Sam Berger, OIRA Associate Administrator
Today, OIRA is releasing a report summarizing the progress we have made working with agencies and members of the public in identifying and reducing burdens that individuals, families, and small businesses face every day when interacting with government programs. Every year, billions in Congressionally authorized government benefits goes unclaimed—as much as $140 billion according to one estimate. These benefits include tax credits for working families, health insurance coverage for low-income adults and children, and support for those with disabilities. Similarly, many small businesses that qualify for tax credits do not claim them.
These unclaimed benefits increase economic insecurity, make it more challenging for small businesses to grow, and undermine our country’s economic potential. So why don’t people take full advantage of government programs for which they are eligible? One common reason is administrative burdens—costs like the “time tax” required to learn about a program, fill out paperwork, assemble required documents, and schedule visits to government offices.
Reducing burdens to access public benefits and services is a central priority for the Biden-Harris Administration, including for the office where I work, the Office of Information and Regulatory Affairs (OIRA) in the Office of Management and Budget (OMB). Through its implementation of the Paperwork Reduction Act (PRA), OIRA is charged with ensuring that the Federal government minimizes the burdens that fall on members of the public through government forms.
For some families and small businesses, administrative burdens keep them from accessing much-needed benefits altogether. Others may succeed in accessing benefits—but pay a cost through lost time, additional stress, stigma, or more. All too frequently these burdens fall unequally across the population, entrenching disparities. And these costs do not just carry economic consequences; they also reduce people’s trust in the ability of government to meet their basic needs or operate efficiently and fairly.
In 2022, OIRA announced a new initiative to more accurately estimate the different burdens faced by the public when accessing government services and benefits and work collaboratively with Federal agencies to reduce those burdens—including by partnering with agencies when reviewing government forms and relevant regulations involving public benefits and services.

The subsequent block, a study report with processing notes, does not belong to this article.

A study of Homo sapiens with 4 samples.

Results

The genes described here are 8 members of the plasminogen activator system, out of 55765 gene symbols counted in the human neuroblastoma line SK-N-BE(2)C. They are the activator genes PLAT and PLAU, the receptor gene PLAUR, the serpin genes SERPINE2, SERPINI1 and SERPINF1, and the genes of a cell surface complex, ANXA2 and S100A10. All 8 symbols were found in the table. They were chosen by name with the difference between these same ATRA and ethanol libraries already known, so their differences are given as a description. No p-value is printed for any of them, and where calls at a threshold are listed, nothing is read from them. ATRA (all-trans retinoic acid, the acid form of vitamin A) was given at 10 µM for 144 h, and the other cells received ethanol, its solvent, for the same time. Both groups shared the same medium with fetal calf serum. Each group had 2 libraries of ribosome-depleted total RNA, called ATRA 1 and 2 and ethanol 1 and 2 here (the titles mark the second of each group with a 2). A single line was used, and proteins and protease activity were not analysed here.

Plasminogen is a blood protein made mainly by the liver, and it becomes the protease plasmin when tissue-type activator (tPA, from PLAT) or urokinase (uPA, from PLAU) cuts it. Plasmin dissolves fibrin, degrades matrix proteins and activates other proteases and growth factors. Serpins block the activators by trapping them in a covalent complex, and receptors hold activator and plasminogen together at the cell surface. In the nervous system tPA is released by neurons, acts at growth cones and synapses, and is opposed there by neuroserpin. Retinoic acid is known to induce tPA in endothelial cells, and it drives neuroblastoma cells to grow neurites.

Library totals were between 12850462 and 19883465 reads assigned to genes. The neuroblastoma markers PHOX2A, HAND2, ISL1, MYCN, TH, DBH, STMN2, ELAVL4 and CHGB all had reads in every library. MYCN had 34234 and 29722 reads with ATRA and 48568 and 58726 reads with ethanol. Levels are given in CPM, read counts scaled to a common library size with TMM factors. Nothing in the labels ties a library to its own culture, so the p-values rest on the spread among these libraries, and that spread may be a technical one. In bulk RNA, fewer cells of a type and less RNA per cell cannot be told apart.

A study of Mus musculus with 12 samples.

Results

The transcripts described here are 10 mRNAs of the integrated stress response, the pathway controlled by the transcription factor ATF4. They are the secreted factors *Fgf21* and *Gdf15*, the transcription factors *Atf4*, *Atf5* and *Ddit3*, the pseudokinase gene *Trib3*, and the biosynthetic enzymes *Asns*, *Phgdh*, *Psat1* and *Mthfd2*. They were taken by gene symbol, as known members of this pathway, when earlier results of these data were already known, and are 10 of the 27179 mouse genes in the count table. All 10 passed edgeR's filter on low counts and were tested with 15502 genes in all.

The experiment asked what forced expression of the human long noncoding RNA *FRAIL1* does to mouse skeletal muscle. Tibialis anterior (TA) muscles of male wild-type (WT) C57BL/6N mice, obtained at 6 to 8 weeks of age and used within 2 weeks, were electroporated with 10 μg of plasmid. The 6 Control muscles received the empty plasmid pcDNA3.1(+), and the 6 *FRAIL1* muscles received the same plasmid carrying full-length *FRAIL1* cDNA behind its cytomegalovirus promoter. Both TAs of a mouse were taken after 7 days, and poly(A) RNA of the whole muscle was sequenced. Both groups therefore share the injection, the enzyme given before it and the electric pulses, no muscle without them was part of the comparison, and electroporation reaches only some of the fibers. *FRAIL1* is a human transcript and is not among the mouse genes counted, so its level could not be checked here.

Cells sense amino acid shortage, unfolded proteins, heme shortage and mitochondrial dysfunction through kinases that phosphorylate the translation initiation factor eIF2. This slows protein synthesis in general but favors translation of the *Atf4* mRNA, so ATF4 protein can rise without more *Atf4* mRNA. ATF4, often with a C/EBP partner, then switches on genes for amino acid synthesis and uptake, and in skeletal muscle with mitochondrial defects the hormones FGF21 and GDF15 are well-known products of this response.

In today’s report, we summarize burden reduction initiatives across a range of Federal agencies, including:
- The Department of Homeland Security’s efforts to proactively reduce burden on individuals using mobile drivers’ licenses as identification when flying.
- The Small Business Administration’s and the U.S. Patent and Trademark Office’s efforts to support small businesses, including by making it easier for Veteran-owned small businesses to do work with the Federal government and for small businesses to file patents for their inventions.
- The Department of Agriculture’s efforts to simplify and streamline applications for Federal loans for farmers who cannot otherwise secure credit to start or maintain their farms.
- The Department of Education’s efforts to simplify and streamline the option of eliminating student loan debt for disabled borrowers, including through automated eligibility determinations.
- The Social Security Administration’s efforts to simplify and streamline recertification of disability status (also known as Continuing Disability Review), making it easier for individuals with disabilities to maintain access to critical Social Security supports.
These initiatives will help millions of individuals, families, and small businesses. I am proud of the impact that these initiatives will have in reducing the time tax that so many individuals, families, and small businesses face.
In the coming year, OIRA looks forward to continuing to work closely with Federal agencies on implementing high-impact burden reduction measures and identifying additional measures to pursue through ongoing public engagement with affected communities. An important way that we can work to reduce burden is by hearing directly from the public. We encourage members of the public to visit OIRA’s website to see forms we are currently reviewing and that are open for comment. Your comments can make a difference, by helping us to understand the barriers or burdens you might face in completing a form.